Rioja Reserva Blanco 2008, Capellania, Marques de Murrieta, (£19.95, Berry Bros. Rudd). 

Cune’s Barrel Fermented Rioja Blanco 2013, (£10.49, Waitrose).

DON’T BLANK OUT WHITE RI-OK-A.

 

A few years ago (!!) a friend of mine popped into a Victoria Wine shop (anybody remember them?) for a bottle of white Rioja. The shop assistant looked at him haughtily over his glasses and announced, “Rioja’s red sir”. My friend protested but he’d have none of it; he’d obviously never heard of white Rioja. ‘Pity, it’s a wine well worth searching out; I recently cracked open a bottle of Rioja Reserva Blanco 2008, Capellania, from Marques de Murrieta, (£19.95, Berry Bros. Rudd). Expensive but wonderful!

In support of the hapless assistant, when you mention ‘Ri-oka’ a soft fruity, friendly oak-touched red comes to mind not a toasty citrus white. Until now that is …. so don’t blank out white Rioja.

White Rioja, just like red, comes from northern Spain where the region is divided into three districts, namely La Rioja Alta, La Rioja Alavesa and La Rioja Baja. The Capellania 2008 Blanco comes from Viura grapes grown in Marques de Murrieta’s Capellania vineyard, a 50 year old plot located at the highest altitude of their 300-hectare Ygay Estate in La Rioja Alta. Viura can be neutral and uneventful when its young but give the wine a few months in a barrel followed by time in the bottle and things change; those lazy months in cool cellars bring forth golden tones, toasty complexity and an attractive richness to Viura’s citrus flavours.

If you visit Rioja you may hear the winemakers talking about the Macabeo grape; don’t worry, that’s just another name for Viura. You may also be surprised to hear our ol’ mates Chardonnay and Sauvignon Blanc mentioned in conversation – that’s because in 2007 a law was passed allowing these classic varieties to be used alongside the Spanish locals of Viura, Malvasía and Garnacha Blanca in the production of white Rioja. To maintain its Spanish roots white Rioja must have at least 51 per cent of Viura in the blend. Bravo to the Riojans I say!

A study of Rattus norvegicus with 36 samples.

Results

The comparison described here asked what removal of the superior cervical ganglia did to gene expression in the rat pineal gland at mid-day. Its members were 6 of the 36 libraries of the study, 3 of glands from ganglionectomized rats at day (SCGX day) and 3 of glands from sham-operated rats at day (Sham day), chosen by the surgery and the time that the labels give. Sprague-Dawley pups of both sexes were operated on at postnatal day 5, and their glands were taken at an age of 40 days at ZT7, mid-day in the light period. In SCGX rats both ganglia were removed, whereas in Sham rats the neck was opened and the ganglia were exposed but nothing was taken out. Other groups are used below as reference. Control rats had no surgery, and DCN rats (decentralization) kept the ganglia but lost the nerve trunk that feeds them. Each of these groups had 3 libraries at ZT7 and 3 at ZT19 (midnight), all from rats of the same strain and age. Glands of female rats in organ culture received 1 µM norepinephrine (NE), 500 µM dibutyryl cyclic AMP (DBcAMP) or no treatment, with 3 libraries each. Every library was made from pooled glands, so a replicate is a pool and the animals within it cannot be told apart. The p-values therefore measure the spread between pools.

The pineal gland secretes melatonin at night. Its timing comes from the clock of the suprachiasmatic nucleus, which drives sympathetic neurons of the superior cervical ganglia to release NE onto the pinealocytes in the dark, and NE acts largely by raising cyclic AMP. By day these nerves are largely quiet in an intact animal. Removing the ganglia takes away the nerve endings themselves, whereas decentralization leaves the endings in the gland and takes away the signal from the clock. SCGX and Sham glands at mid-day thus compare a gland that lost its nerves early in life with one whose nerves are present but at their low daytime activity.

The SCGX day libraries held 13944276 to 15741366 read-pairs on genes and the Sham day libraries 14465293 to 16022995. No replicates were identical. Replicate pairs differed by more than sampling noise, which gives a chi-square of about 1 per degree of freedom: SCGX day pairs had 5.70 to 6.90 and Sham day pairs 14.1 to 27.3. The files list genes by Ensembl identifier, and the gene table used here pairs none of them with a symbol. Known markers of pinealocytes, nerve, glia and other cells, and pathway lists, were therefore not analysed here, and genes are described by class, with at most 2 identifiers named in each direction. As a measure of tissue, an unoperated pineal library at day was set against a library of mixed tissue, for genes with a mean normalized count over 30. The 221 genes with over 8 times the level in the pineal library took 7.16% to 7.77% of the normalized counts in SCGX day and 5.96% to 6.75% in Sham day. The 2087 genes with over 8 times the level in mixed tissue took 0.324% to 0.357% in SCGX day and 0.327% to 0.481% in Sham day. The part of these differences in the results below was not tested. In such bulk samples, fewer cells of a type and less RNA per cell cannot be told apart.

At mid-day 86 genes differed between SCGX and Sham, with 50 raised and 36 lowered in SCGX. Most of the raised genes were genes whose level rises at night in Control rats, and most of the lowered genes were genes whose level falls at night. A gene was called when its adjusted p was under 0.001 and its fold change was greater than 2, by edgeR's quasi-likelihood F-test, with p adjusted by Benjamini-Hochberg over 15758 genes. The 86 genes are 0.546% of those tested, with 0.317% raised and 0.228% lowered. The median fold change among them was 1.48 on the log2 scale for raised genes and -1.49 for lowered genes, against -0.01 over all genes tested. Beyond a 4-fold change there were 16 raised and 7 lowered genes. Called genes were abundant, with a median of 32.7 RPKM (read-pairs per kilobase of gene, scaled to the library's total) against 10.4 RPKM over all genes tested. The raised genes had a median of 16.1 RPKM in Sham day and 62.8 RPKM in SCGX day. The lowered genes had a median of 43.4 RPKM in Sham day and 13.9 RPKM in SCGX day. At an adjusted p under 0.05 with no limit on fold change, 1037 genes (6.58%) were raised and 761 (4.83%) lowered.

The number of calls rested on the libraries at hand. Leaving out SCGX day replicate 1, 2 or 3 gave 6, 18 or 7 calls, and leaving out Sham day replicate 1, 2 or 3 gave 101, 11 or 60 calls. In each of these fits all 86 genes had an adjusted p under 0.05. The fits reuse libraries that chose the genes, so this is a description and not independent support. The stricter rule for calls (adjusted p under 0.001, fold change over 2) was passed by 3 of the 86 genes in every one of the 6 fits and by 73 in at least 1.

If you’re wondering what ‘Reserva’ means on the label it refers to the time that the wine must be aged in both barrel and bottle by law, before finding its way onto our shelves and down our necks. White Reserva Rioja has to spend a minimum of 6 months in the barrel and at least 18 months in the bottle before release. White ‘Gran Reserva’ Rioja means that the wine must spend a minimum of 6 months in the barrel and at least 4 years in total in the bodega (winery) before gracing our glass.

If the £19.95 price tag for the Capellania Reserva Blanco is daunting twist the screwcap on Cune’s Barrel Fermented Rioja 2013, (£10.49, Waitrose). The wine was fermented in American oak barrels to give a satisfying roundness and richness. Further barrel ageing, following the fermentation, for about 4 months adds complexity to the flavours and aromas of this smashing ‘blanco’.

I can already smell the barbeques smouldering under the summer sun; ‘fish’ is the ‘new steak’ this season so pour white Rioja to lift those fantastic flavours even higher.